Carl Bildt takes issue with farcical story about Israeli travel advisory against his country

A link to a satirical report tweeted by former Swedish prime minister Carl Bildt on Monday, December 29, 2014 (screen capture: Twitter)
A link to a satirical report tweeted by former Swedish prime minister Carl Bildt on Monday, December 29, 2014 (screen capture: Twitter)

The official Twitter account of the former prime minister of Sweden tweeted a satirical news report about an Israeli travel warning to Sweden as fact on Monday.

Carl Bildt, who served as Sweden’s prime minister from 1991-1994 and as foreign minister between 2006 and September of this year, tweeted the article by the Onion-style blog PreOccupied Territory, titled “Israel Issues Travel Warning For US, France, Sweden,” saying: “Israel has officially warned its citizens not to travel to Sweden. That’s somewhat of an overreaction.”

After about an hour, during which many users tweeted at him to tell him that the article was satirical, Bildt removed the link.

The report, published on Thursday, fictitiously reported that Jerusalem’s Foreign Ministry had issued a travel warning for Israeli tourists to stay out of several First World countries for fear of ethnic violence, highlighting internal turmoil in the United States, France and Sweden.

The United States has recently been gripped by nationwide protests after a series of African Americans were gunned down by police, in what many alleged as unnecessary uses of force; France has seen a wave of car and knife attacks believed to be linked to Islamic terrorism; and in Sweden two mosques have been set ablaze in the last week in attacks possibly linked to far-right extremism.

Former Swedish prime minister Carl Bildt (photo credit: Ahmad Gharabli /Flash90)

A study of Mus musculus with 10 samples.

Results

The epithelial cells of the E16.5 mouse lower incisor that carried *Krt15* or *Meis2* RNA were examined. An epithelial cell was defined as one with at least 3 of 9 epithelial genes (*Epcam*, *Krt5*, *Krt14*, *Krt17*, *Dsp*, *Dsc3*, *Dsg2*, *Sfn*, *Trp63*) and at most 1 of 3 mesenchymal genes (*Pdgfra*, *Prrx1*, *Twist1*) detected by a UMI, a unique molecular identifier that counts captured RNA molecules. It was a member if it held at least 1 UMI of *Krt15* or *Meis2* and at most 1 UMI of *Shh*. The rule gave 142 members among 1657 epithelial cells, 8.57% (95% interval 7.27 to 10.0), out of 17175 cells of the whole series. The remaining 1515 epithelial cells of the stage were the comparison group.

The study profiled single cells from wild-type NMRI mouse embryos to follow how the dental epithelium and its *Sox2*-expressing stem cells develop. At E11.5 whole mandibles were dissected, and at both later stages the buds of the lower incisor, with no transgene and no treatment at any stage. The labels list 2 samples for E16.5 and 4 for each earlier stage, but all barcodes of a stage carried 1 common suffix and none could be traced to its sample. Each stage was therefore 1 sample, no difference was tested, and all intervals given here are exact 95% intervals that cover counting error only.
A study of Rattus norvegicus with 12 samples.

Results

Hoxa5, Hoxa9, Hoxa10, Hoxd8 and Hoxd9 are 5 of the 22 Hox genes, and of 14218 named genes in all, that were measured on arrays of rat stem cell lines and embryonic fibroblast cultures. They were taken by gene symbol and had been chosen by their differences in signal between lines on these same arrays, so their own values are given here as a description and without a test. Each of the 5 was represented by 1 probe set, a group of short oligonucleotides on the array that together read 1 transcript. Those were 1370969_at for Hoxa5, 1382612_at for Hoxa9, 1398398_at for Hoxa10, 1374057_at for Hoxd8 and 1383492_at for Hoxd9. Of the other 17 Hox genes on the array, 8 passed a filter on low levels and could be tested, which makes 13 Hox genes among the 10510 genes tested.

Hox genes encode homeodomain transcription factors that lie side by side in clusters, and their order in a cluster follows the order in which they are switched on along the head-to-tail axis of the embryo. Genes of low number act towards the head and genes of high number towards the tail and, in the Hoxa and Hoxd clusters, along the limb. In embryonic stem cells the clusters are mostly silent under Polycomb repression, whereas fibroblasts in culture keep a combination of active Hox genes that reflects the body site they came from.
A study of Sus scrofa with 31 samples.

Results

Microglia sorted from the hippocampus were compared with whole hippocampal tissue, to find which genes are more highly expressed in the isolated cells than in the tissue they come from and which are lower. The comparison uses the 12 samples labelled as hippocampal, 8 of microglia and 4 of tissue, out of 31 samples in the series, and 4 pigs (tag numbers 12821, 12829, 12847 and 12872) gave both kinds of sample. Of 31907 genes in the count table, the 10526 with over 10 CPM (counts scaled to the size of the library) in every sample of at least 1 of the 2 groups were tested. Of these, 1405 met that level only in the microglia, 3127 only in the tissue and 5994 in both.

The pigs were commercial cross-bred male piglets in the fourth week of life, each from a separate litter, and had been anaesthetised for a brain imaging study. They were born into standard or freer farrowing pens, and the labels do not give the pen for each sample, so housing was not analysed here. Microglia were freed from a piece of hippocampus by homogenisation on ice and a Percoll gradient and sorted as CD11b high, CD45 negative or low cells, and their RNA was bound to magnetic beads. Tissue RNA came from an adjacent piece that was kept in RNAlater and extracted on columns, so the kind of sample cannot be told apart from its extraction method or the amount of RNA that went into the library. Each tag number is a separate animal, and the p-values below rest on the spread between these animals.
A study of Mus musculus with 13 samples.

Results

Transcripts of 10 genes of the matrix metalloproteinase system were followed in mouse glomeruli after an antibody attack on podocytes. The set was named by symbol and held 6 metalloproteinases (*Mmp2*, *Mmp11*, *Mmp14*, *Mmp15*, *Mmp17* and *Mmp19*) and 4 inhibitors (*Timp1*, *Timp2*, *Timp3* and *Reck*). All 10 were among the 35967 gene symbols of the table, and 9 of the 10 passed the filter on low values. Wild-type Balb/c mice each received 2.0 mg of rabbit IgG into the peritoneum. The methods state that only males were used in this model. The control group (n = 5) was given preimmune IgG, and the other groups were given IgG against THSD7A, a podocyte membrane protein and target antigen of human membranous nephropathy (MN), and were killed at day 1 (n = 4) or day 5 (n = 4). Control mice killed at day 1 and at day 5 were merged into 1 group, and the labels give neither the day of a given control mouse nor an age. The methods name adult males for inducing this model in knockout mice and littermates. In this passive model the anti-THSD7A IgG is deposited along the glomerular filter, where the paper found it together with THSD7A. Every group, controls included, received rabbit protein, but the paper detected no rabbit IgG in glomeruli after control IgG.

Former Swedish prime minister Carl Bildt (photo credit: Ahmad Gharabli/Flash90)

“We recommend that Israelis refrain from traveling to places marked by instability and violence. While this obviously includes such states as Ukraine and Nigeria, recent additions to the list of dangerous countries include the United States, Sweden, and France,” Foreign Minister Avigdor Liberman was quoted as saying by the satirical report.

The report further lampooned the countries, linking Stockholm’s decision in October to recognized a Palestinian state to anti-Semitic incidents reported by the Jewish community in the Swedish city of Malmo.

“The bombs in Malmo followed the government’s decision to recognize Palestine as a state, so clearly we’re not dealing with completely rational actors, and that makes the country even more dangerous,” a fictional Foreign Minister spokesman named Shoter al-Tirabi (Hebrew for “Cop Don’t-Shoot-Me”) was quoted as saying.

“When even seemingly conciliatory or supportive messages spark Islamist violence, better stay away,” al-Tirabi added.

PreOccupied Territory’s creator, David Swidler, a Jerusalem resident and Times of Israel blogger originally from New York, addressed Bildt on PreOccupied’s Twitter account, making light of the former Swedish head of government’s apparent tone-deafness to satire.

Still, Swedish officials (and former officials like Bildt) may be forgiven a defensive attitude regarding statements attributed to Israeli diplomats. In October, Liberman called Stockholm’s decision to recognize a state of Palestine “unfortunate” and implied the Swedish government possessed a furniture shopper’s grasp of geopolitics.

“Relations in the Middle East are a lot more complex than the self-assembly furniture of IKEA,” he said.

In her response to Liberman’s barb, Swedish Foreign Minister Margot Wallström stayed with the metaphor involving Sweden’s iconic furniture giant.

“I will be happy to send him a flat pack of IKEA furniture and he will also see that what you need to put that together is, first of all, a partner,” she told CNN. “And you also need to cooperate and you need a good manual and I think we have most of those elements.”

Liberman said he would boycott Wallström during her upcoming visit to Israel, Channel 2 reported.

Times of Israel staff contributed to this report.